The opinions expressed by columnists are their own and do not necessarily represent the views of
Perhaps John Edwards was right; maybe there are two Americas.

In one, government-dependent Americans take to Youtube to sing about everything they can buy with their Supplemental Nutrition Assistance Program (SNAP) benefits, i.e., food stamps. Such hits include "
Swipe My EBT " and " It's Free Swipe Yo EBT ." According to the U.S. Food and Nutrition Service, much of the outrageous behavior depicted in the videos is legal. The Food and Nutrition Act of 2008 defines “eligible food” to include soft drinks, candy, cookies, snack crackers, ice cream, seafood, steak, bakery cakes and certain energy drinks.

In the other, First Lady Michelle Obama appears with the head of Disney to announce that the iconic brand’s media outlets will only advertise food that “align[s] with federal standards to promote fruit and vegetables and limit calories, sugar, sodium, and saturated fat.” As part of her “Let’s Move” campaign, more than 1,500 schools have adopted healthier menus (the chocolate milk controversy!), McDonalds now gives kids apple slices and there is a garden on the South Lawn.

Instead of focusing her considerable skills on bullying…err…persuading private sector companies to adopt strict nutrition standards, perhaps Mrs. Obama should take aim at taxpayer-subsidized ice cream, potato chips and soda.

The concept of restricting the use of food stamps is not new. In 1964, when President Johnson asked Congress to establish the first permanent food stamp program, the House wanted to prohibit the purchase of soft drinks, luxury foods and luxury frozen foods. Unfortunately, the bill signed by President Johnson considered all items intended for human consumption (except for alcohol and imported foods)eligible.

Times have changed though, and the First Lady has blazed new ground with her multipronged campaign. In 2010, when her husband signed the Healthy, Hunger-Free Kids Act into law, she said, “school meals” feed “more than 31 million children a day” and “childhood obesity isn’t just a public health issue…it is not just an economic threat -- it is a national security threat as well.”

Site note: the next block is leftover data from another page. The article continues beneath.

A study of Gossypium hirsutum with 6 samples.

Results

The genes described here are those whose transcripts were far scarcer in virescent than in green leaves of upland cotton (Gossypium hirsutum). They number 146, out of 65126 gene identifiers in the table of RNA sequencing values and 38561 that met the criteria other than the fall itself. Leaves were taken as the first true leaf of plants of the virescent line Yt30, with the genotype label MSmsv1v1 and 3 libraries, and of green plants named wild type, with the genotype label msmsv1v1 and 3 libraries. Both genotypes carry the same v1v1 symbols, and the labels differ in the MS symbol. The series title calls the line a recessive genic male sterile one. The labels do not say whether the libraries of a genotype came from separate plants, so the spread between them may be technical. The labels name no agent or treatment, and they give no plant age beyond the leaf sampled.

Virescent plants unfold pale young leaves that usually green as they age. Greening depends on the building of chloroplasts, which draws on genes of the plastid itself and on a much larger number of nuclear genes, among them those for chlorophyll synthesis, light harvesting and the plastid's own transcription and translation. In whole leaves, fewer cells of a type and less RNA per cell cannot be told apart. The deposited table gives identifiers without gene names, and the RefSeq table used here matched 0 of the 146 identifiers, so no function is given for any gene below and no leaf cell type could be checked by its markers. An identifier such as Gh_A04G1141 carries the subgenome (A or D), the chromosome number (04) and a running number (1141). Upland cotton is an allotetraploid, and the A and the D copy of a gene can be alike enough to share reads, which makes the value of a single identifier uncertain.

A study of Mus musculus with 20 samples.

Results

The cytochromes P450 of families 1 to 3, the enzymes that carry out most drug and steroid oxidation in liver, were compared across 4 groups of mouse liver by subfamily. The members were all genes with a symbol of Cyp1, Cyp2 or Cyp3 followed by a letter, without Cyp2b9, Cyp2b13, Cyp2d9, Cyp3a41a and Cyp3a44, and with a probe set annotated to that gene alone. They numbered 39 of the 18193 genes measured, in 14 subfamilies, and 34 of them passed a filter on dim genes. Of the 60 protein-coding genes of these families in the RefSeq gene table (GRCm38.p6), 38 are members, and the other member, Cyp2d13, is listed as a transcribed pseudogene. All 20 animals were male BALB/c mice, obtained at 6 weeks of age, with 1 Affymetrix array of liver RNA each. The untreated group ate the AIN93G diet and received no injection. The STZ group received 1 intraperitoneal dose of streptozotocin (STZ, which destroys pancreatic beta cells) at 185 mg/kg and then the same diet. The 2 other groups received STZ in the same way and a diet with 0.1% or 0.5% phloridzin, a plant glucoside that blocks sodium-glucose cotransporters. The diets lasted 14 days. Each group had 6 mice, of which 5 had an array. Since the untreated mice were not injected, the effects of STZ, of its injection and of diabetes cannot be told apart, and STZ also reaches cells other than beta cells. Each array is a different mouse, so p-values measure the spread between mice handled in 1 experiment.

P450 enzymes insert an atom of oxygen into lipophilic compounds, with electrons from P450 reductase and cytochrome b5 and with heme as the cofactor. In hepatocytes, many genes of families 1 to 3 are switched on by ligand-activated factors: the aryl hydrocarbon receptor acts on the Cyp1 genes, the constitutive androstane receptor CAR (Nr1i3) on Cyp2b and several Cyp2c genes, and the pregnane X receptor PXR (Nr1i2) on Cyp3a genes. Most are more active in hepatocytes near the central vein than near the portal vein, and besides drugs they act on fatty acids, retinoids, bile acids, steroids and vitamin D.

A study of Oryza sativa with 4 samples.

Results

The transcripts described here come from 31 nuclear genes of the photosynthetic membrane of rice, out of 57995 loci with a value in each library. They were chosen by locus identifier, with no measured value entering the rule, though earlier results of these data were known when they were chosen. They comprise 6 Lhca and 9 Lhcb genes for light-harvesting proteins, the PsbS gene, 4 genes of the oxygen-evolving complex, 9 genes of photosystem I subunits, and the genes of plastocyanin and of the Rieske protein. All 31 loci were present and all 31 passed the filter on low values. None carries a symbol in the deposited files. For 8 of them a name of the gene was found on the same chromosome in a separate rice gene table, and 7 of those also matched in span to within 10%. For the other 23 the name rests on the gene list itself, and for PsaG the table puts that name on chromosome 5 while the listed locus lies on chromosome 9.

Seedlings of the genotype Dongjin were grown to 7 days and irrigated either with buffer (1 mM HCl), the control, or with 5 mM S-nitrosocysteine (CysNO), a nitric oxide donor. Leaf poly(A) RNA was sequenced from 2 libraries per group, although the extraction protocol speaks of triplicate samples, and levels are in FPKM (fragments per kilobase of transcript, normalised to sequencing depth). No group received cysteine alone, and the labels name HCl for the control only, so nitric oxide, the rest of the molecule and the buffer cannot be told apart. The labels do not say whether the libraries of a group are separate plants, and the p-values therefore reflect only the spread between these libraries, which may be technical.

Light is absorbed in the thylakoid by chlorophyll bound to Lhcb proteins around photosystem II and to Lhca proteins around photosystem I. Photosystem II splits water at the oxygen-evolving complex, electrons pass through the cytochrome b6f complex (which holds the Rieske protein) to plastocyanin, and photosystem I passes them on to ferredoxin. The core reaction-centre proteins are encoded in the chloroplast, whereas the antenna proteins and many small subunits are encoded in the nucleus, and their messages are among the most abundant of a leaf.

With 46 million Americans now on food stamps, surely Mrs. Obama can recognize the compelling “public health,” “economic” and “national security” interests in reforming SNAP. Since 2008, spending on the government’s largest food assistance program has doubled to nearly $80 billion a year, half of which goes to individuals who have been dependent for 8.5 years or more.

As the Senate debates the farm and food bill, there is a rare window of opportunity for Mrs. Obama to turn her campaign’s comprehensive nutrition guidelines into a new standard for food stamp benefits. Of course, one look at Disney’s four-page nutrition guideline criteria demonstrates the unworkable nature of aligning the First Lady’s nutritional goals with a massive federal program.

Instead, I would suggest a more modest approach: rather than outline a complex food pyramid and restrict individual food items, the First Lady and lawmakers could simply target the most absurd food categories currently considered eligible.

Remember, cookies, cakes, pastries and salty food in school vending machines were an early target for the First Lady. She claimed, “There is no reason why we can't have water, healthy juice drinks in vending machines, granola bars, trail mix, whole-grain sandwiches.”

Earlier this year, the infamous Ezekiel Emanuel lauded the First Lady’s campaign, which “has already begun to change the way the food sector — producers, restaurants and grocery stores — approaches its youngest customers.” If you buy into Mrs. Obama’s logic that access to foods with “empty calories” like soda undermines the administration’s effort to “enhance the health of the school environment," there is “no reason” that such restrictions should not be placed on food stamp beneficiaries. It is time she – and her husband – paid similar attention to those purchasing food at the expense of their fellow citizens.

According to a Bush-era document, more than one-quarter of all benefits go toward food items not considered “basic.” If that ratio holds true today, taxpayers are spending more than $20 billion a year so food stamp recipients can buy non-basics like soft drinks, candy, cookies, snack crackers and ice cream.

Like most federal programs, SNAP is in dire need of sweeping reforms; however, the types of reforms necessary are unlikely to survive Harry Reid’s Senate or President Obama’s veto pen. In the interim, though, Congress could cut the fat from SNAP. After all, the “physical and emotional health of an entire generation is at stake.”